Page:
They say that animals can smell fear. If the cliché is true, it would go a long way towards explaining any strange behavior by animals in the Chicago area lately. What’s emanating from the United Center these days is closer to panic than fear. The Chicago Blackhawks showed panic this week when they decided to fire Coach Denis Savard only four games into the season and replace him with Joel Quenneville.
This is not a knock on Quenneville, who is one of the league’s quality coaches. He has a career winning percentage of .592 in parts of 11 seasons behind the bench with St. Louis and Colorado. He’s a hard working, no-nonsense coach who has been a winner wherever he’s gone.
But the question remains, why fire Denis Savard after just four games? Granted, the Blackhawks were off to a slow start at 1-2-1. And for the first time in recent memory, the ‘Hawks were dealing with high expectations. There was a buzz surrounding the Blackhawks this season and the sports fans of Chicago were enthused about their NHL team again after a decade or more of acute indifference.
Savard took over a sad-sack franchise in November 2006, and helped turn the team around. Last season, Chicago finished 40-34-8, the team’s first winning season since 2002. They missed the playoffs by all of three points. Overall, Savard compiled a 65-67-15 record behind the bench for Chicago, not bad when you consider the sorry state the franchise was in when he started on the job. Savard gave the team’s remaining fans hope and was a tie to their winning heritage.
The team’s young stars and enthusiastic play last season had the city of Chicago thinking hockey again. The team reconnected with its storied past, bringing icons like Stan Mikita, Bobby Hull and Tony Esposito back into the fold. Some home games were televised locally and the city remembered that it had a hockey team. Savard was a key to that reawakening. A link to winning teams of the past and an inspiration the young players that represented the team’s future.
That was April of this year. Nothing had fundamentally changed with Savard since then. Yet after four games, or barely five percent of the schedule, he was gone.
When he fired Savard, GM Dale Tallon said, “We felt we needed a more experienced person in [this] position and that’s why we made the decision. [Joel’s] the right man for the right time.”
This makes no sense. Savard didn’t suddenly lose experience over the past week. If he was experienced enough to keep his job when the season opened, nothing that happened in the first four games could have changed that.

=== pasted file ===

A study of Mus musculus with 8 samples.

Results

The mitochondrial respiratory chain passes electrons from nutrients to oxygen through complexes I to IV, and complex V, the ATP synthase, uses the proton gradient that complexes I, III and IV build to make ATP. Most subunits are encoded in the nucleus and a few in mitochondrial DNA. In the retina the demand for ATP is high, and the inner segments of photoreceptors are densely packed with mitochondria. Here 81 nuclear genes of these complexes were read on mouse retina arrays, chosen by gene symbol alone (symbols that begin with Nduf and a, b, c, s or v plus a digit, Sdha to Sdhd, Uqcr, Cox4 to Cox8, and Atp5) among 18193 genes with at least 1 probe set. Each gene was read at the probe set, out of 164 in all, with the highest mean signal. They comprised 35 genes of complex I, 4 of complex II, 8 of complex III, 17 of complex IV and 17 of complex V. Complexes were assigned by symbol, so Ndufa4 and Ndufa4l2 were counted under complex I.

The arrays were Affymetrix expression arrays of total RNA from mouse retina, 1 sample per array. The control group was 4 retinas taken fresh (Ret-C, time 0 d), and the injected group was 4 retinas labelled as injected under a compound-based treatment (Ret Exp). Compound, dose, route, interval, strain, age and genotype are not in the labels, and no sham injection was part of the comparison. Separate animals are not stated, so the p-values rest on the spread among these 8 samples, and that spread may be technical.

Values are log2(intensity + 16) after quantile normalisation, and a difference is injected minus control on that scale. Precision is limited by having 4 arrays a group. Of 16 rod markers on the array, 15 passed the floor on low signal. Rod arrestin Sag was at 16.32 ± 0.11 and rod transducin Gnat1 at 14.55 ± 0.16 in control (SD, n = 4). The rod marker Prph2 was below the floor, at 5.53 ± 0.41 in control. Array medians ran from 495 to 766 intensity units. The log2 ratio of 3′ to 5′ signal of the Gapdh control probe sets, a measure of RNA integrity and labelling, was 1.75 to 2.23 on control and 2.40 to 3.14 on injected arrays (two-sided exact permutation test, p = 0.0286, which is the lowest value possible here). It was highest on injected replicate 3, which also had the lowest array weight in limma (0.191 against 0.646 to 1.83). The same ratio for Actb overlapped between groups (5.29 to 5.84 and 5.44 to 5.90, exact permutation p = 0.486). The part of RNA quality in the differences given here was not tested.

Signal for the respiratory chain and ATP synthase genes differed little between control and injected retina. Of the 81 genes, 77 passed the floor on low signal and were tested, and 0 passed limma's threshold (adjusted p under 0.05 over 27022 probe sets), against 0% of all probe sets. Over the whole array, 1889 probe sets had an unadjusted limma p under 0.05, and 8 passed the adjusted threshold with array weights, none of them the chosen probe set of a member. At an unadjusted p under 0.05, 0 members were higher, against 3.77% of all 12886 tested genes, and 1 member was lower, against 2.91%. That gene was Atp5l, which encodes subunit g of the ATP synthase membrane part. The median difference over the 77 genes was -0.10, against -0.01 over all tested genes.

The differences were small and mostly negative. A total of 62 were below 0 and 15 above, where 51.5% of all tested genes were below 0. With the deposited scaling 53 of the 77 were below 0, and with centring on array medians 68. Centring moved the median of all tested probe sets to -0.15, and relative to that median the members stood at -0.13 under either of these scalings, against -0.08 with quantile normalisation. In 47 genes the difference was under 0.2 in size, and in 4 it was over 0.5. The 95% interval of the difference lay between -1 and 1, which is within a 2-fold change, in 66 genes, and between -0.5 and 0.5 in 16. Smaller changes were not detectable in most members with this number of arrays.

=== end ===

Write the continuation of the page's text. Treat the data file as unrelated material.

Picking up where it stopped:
Tallon also claimed that one of the main causes for Savard’s dismissal was the “flat” play from the Hawks this year, dating back to the beginning of the preseason.
“We thought we needed to send a message and invigorate this team,” he said.
But the Hawks are rebuilding with youth. Their best players are Patrick Kane, 19, and Jonathan Toews, 20. Other important building blocks include 25-year-old defenseman Duncan Keith and forwards Patrick Sharp, 26, and Dustin Byfuglien, 23. Young players tend to be inconsistent. A slow start after four games as they adjust to new teammates should not come as a shock.
Tallon added veterans Brian Campbell and Cristobal Huet to try to put the team over the top this season, to reach the playoffs for the first time since 2002 and maybe even win a series for the first time since 1996. But even veteran players need more than four games to adjust to a new team and a new system. Logically speaking, if there was a problem with Savard’s coaching, the time to dismiss him was the offseason, so a new coach would have an entire training camp to introduce his new system and let both the players and the coach get acclimated to each other.
“This is a bittersweet day,” said Tallon, “but if you want to be a championship-caliber organization, you have to make tough decisions. It’s about moving forward, and achieving and winning and developing a consistent approach.”
But firing the coach after four games is anything but a consistent approach. It’s micromanaging, worrying about every little bump on the long of an 82-game season. It reeks more of George Steinbrenner at his meddling worst, firing Bob Lemon after only 14 games as Yankees manager in 1982 and then dismissing Yogi Berra after just 16 games in 1985. Anybody remember how many World Series the Yankees won in the 80s? Just checking (it was none).
This move reeks of panic. Panic that the buzz the team finally got going after all these years of being ignored would quickly vanish if the team got off to a slow start. Management should give hockey fans in Chicago a little more credit than that. And they should give their coach a little more than four games before dismissing him for cause. Joel Quenneville may be successful as coach of the Blackhawks, in fact, I expect he will be based on his track record and the team’s level of talent. But the timing and reasoning behind this move make very little sense, and a classy man like Denis Savard certainly deserved to be treated better than this.